The Independent (UK)
May 15, 2003
As she did 300 years ago, Russia is turning once again to Europe
A TERRIBLE symmetry attended Colin Powell's visit to Moscow yesterday. The American Secretary of State had arrived from Riyadh, where he had toured the compounds that were devastated in synchronised suicide attacks. As he landed in Moscow, news broke of a suicide bombing - the second this week - in the Russian rebel region of Chechnya.
The carnage in Saudi Arabia and Chechnya guaranteed that President Bush's continuing war on terrorism would top the agenda for Mr Powell's talks, which were designed as a fence-mending exercise after the rift over Iraq and before next month's Russian-US summit in St Petersburg. Russia's opening gambit was an olive branch in the form of the Duma's vote to ratify the latest nuclear weapons-cutting treaty. The Russian Foreign Minister also pledged Russia to "constructing a long-term friendly partnership with the United States".
Yet Washington - and London - would do well to review assumptions about Russia in the light of the conflict over Iraq. As they prepared for war, both the US and Britain calculated, quite wrongly, that Russia would in the end agree to vote in the UN Security Council for military action, or at very least abstain. In the event, Russia did no such thing, making common cause with France and Germany instead and dooming the so-called "second" UN resolution. Failure to anticipate Russia's response was by no means the only miscalculation made by the transatlantic Allies - their failure to read the French mind was as damaging - but it was revealing.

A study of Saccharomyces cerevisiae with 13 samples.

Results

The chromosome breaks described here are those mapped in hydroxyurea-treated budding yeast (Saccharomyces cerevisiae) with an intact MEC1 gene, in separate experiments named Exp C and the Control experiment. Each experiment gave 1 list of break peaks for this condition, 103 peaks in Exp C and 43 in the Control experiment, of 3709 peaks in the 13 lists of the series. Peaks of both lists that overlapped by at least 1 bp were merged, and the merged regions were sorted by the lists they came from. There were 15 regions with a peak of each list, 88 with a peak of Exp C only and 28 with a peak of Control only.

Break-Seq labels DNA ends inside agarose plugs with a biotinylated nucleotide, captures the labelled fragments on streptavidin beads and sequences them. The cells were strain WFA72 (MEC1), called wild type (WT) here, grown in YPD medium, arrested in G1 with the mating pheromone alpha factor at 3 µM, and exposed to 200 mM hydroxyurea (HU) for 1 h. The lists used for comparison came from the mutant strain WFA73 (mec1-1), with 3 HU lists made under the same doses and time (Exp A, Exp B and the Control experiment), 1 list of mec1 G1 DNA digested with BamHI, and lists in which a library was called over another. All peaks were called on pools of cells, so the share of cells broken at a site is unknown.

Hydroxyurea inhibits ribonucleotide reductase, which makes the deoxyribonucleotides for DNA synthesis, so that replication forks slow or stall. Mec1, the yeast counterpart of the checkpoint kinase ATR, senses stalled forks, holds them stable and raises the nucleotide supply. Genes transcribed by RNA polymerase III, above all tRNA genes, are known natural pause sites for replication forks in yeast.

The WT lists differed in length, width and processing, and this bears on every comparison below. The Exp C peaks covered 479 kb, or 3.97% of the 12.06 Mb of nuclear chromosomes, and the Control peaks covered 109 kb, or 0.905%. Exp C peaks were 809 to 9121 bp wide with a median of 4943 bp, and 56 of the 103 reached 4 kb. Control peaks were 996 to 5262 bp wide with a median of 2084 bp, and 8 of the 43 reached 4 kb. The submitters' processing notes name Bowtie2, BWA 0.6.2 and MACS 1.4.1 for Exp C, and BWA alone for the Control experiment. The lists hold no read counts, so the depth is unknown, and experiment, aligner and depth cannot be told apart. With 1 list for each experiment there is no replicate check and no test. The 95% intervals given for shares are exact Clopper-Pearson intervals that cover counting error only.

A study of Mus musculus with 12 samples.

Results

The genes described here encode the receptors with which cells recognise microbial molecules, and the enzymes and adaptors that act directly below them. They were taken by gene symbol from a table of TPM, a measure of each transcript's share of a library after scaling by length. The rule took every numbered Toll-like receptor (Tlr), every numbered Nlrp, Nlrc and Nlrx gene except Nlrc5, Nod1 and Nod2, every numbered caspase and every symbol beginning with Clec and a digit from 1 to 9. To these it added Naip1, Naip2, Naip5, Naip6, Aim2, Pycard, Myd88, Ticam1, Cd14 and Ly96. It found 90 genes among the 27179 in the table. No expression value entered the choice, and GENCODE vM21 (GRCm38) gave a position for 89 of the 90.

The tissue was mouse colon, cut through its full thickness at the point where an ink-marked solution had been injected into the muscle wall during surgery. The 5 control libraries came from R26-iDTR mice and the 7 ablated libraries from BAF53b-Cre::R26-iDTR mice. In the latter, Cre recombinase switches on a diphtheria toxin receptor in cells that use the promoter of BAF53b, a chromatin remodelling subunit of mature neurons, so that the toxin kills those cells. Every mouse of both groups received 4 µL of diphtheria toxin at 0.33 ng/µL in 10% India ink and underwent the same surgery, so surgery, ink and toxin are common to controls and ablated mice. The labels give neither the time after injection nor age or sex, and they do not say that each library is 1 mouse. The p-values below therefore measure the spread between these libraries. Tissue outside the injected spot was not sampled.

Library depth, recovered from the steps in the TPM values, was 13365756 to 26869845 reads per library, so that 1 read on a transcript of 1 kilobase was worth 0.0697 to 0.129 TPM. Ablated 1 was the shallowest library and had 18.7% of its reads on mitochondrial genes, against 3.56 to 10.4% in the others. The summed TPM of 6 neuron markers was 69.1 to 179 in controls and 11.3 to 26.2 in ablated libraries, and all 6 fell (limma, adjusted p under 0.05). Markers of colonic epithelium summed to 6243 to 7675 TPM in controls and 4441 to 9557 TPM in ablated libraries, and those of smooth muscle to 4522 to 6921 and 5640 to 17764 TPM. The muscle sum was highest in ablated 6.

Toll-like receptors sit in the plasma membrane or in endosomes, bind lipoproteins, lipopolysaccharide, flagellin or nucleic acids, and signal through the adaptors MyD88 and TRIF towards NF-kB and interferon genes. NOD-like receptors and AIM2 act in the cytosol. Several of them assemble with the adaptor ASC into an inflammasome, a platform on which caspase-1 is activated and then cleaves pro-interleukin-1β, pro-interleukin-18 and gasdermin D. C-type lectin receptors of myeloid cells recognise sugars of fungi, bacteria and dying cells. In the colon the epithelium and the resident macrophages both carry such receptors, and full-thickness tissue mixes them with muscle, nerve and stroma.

The US administration appeared to believe that Russia was grateful enough for promised economic support and sufficiently keen to demonstrate its pro-Western, anti-terrorist and anti-proliferation credentials to line up with the US not only against its old ally (and debtor), Iraq, but against at least half of Europe as well. Here, the Prime Minister flattered himself that his amicable personal relationship with Vladimir Putin would translate into support in the Security Council. Mr Blair's reward was to be openly ridiculed by the Russian President at successive Moscow press conferences. Mr Blair was thoroughly outmanoeuvred.
Deft diplomacy is not something we have traditionally associated with Russia, still less with the flat-footed, dogma-bound Soviet Union. But it is high time we grew used to the idea, as it is to the notion that Mr Putin has a domestic constituency that he must play to; Russia has real politics, too. It is crucial to realise that Russia, militarily weak as it may be, has a well-developed sense of its own national dignity. Nor is the Russia of 2003 the economic basketcase that it was years ago. It currently has one of the best growth rates of any industrialised country and is confident of sustaining that growth, even if oil prices decline.
For all its superficial reasonableness, Russia deeply resented Mr Bush's abrogation of the landmark ABM treaty. Moscow also believes that the US made financial promises it did not honour and flouted the rules of international behaviour in attacking Iraq. As it reconciles itself to not being a superpower, Russia is looking increasingly to Europe. The turn of the month will see not only the Russia-US summit, but a G8 preliminary gathering, framed by celebrations for the 300th anniversary of St Petersburg. Peter the Great saw his city, built on marshes against all natural odds, as signifying Russia's opening to Europe. Mr Putin wants the city, which is also his home town, to convey that message again.